New York The First State To Pass Gun Control Measures After Newtown Shootings
New York is the first state to pass new gun control laws since the tragic shootings in Newtown, Conn., just over a month ago. Supporters hailed the regulations as the toughest in the nation. But the speed with which the law came together left gun rights advocates livid.
GOVERNOR ANDREW CUOMO: We can strike back and we can defend ourselves, but we're going to do it intelligently. And we're going to put rules in place that actually protect innocent people and society.
CORNISH: That voice was Governor Andrew Cuomo. He signed a bill into law this afternoon, making New York the first state to pass gun control measures since the mass shooting in Newtown, Connecticut. As NPR's Joel Rose reports, the legislation came together fast - a bit too fast for some.
JOEL ROSE, BYLINE: Ever since the shootings in Connecticut and, a few days later, in Webster, New York, Governor Andrew Cuomo has been pushing lawmakers to act quickly.
CUOMO: We all know we don't need another tragedy to point out the problems in the system, right? We understand them. Enough people have lost their lives. Let's act.
ROSE: Last night, Cuomo officially unveiled the New York SAFE Act after weeks of backroom negotiations. The law mandates background checks for all gun purchases, and it requires mental health professionals to report people they consider to be potentially dangerous to law enforcement, who could revoke their gun permits. And Governor Cuomo says the law places a new lower limit on the size of ammunition magazines.
CUOMO: Ban on magazines that can hold over seven rounds. Many of the other jurisdictions passed have been talking about 10 rounds. This, we believe, would be the most aggressive limit in the country at seven.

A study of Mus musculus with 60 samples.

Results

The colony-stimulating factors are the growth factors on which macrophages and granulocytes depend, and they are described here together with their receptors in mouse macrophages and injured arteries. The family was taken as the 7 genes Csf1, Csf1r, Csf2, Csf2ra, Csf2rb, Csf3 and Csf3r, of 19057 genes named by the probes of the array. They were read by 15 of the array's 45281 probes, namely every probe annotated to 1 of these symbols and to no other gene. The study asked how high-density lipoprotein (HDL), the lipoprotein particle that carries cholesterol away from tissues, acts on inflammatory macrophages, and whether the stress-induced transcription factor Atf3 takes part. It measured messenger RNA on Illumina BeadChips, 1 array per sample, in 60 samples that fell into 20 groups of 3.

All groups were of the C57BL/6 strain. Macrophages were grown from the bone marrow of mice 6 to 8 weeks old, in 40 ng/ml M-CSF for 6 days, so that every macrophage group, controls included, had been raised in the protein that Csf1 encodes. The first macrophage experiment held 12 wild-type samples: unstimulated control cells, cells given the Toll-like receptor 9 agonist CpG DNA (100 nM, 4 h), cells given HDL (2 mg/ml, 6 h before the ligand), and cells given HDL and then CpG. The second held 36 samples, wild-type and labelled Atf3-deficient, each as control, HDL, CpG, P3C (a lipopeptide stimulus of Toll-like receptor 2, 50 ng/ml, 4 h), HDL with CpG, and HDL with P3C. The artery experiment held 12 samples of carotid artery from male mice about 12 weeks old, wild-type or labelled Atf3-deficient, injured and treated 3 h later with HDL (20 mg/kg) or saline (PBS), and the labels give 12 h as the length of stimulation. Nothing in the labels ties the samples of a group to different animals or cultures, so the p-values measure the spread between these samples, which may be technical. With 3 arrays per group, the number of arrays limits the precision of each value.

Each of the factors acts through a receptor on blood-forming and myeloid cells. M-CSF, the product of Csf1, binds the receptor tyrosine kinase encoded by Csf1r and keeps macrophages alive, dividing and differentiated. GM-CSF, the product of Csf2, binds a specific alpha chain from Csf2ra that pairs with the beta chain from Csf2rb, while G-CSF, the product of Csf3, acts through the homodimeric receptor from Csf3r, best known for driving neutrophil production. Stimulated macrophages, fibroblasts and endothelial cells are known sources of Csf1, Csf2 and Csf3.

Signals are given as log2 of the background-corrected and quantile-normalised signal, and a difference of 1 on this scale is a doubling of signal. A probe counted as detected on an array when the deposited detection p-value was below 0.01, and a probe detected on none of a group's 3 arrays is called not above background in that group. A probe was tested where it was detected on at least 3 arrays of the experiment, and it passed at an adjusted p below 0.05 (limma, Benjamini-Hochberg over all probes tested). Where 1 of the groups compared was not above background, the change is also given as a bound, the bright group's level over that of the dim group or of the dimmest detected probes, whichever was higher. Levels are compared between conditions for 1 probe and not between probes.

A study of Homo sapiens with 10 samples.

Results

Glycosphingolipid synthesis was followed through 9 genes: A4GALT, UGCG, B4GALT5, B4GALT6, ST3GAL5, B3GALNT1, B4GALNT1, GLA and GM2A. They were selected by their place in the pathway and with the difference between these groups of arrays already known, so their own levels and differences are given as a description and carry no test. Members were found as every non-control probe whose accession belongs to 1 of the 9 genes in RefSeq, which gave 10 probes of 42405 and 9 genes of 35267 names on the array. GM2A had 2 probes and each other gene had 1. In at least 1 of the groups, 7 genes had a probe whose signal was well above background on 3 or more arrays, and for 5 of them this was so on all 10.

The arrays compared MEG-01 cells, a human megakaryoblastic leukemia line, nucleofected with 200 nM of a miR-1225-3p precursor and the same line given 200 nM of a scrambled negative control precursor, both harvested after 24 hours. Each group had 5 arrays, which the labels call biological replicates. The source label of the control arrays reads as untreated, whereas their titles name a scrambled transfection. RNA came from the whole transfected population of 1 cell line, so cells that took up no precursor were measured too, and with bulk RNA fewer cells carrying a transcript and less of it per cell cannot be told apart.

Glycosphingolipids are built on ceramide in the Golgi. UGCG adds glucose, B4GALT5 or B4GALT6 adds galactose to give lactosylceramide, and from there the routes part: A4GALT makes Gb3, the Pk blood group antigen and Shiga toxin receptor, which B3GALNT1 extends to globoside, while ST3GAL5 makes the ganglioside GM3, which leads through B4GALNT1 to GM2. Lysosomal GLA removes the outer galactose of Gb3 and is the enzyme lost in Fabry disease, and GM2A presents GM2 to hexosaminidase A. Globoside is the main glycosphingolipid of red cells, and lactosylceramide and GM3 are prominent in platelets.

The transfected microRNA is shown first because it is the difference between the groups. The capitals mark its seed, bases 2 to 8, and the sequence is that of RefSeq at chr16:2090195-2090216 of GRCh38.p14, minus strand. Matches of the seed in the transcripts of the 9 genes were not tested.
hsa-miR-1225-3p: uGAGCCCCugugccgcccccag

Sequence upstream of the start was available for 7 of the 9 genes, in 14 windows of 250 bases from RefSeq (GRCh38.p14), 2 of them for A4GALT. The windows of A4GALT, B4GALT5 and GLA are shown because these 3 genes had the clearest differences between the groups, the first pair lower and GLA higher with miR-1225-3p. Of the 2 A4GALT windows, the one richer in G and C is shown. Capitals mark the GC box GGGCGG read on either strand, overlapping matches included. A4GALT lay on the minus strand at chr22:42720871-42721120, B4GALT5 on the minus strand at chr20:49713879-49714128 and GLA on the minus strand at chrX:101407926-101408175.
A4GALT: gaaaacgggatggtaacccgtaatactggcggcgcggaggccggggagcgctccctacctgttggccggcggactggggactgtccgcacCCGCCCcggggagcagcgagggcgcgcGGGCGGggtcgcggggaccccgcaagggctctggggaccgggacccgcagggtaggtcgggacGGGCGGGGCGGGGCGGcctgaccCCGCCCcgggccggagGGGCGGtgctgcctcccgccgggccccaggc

ROSE: The law also requires tougher penalties for using illegal guns. That was a top priority for Senate Republican Leader Dean Skelos of Long Island, who voted for the law.
STATE SENATOR DEAN SKELOS: I think, on balance, the Second Amendment is protected, but also there are incredibly enhanced criminal penalties to keep people off the street that do not belong on the street and really attacks the issue of illegal guns.
ROSE: New York's law also widens the state ban on the sale of assault weapons to include semiautomatic rifles such as the AR-15 rifle used by shooters in Newtown, Webster and elsewhere. Gun owners will be allowed to keep the assault weapons they already own - perhaps roughly a million statewide - but they'll have to register those guns with the state and they won't be allowed to sell them legally in New York. That provision does not sit well with many Republicans from rural areas in upstate New York, where hunters and gun owners are an important constituency.
MARC BUTLER: We're taking up a bill that, number one, tramples on the constitutional rights of our constituents to legally possess firearms.
ROSE: Assemblyman Marc Butler represents a district near the plant in Ilion, New York, where some of the weapons the law bans are made. Butler and others were furious that the bill was unveiled at a news conference last night, then rammed quickly through the legislature with little opportunity for debate.
BUTLER: Where were the public hearings? Where was the vetting process? Where is the give and take of a healthy democratic process?
ROSE: But gun control advocates seem largely pleased with the final product. Laura Cutilletta is with the Law Center to Prevent Gun Violence in California, which tracks state gun laws.
LAURA CUTILLETTA: They're very tough laws. It would make for the most comprehensive regulation in the country if you looked at ammo and firearms together. And we really applaud Governor Cuomo for taking leadership on this.
ROSE: When he introduced the bill last night, Governor Cuomo said he would be proud if New York was the first state to pass new gun control measures in the wake of Newtown. But even some of the governor's allies could be heard to wonder if more public discussion might have led to a better law. Joel Rose, NPR News, New York. Transcript provided by NPR, Copyright NPR.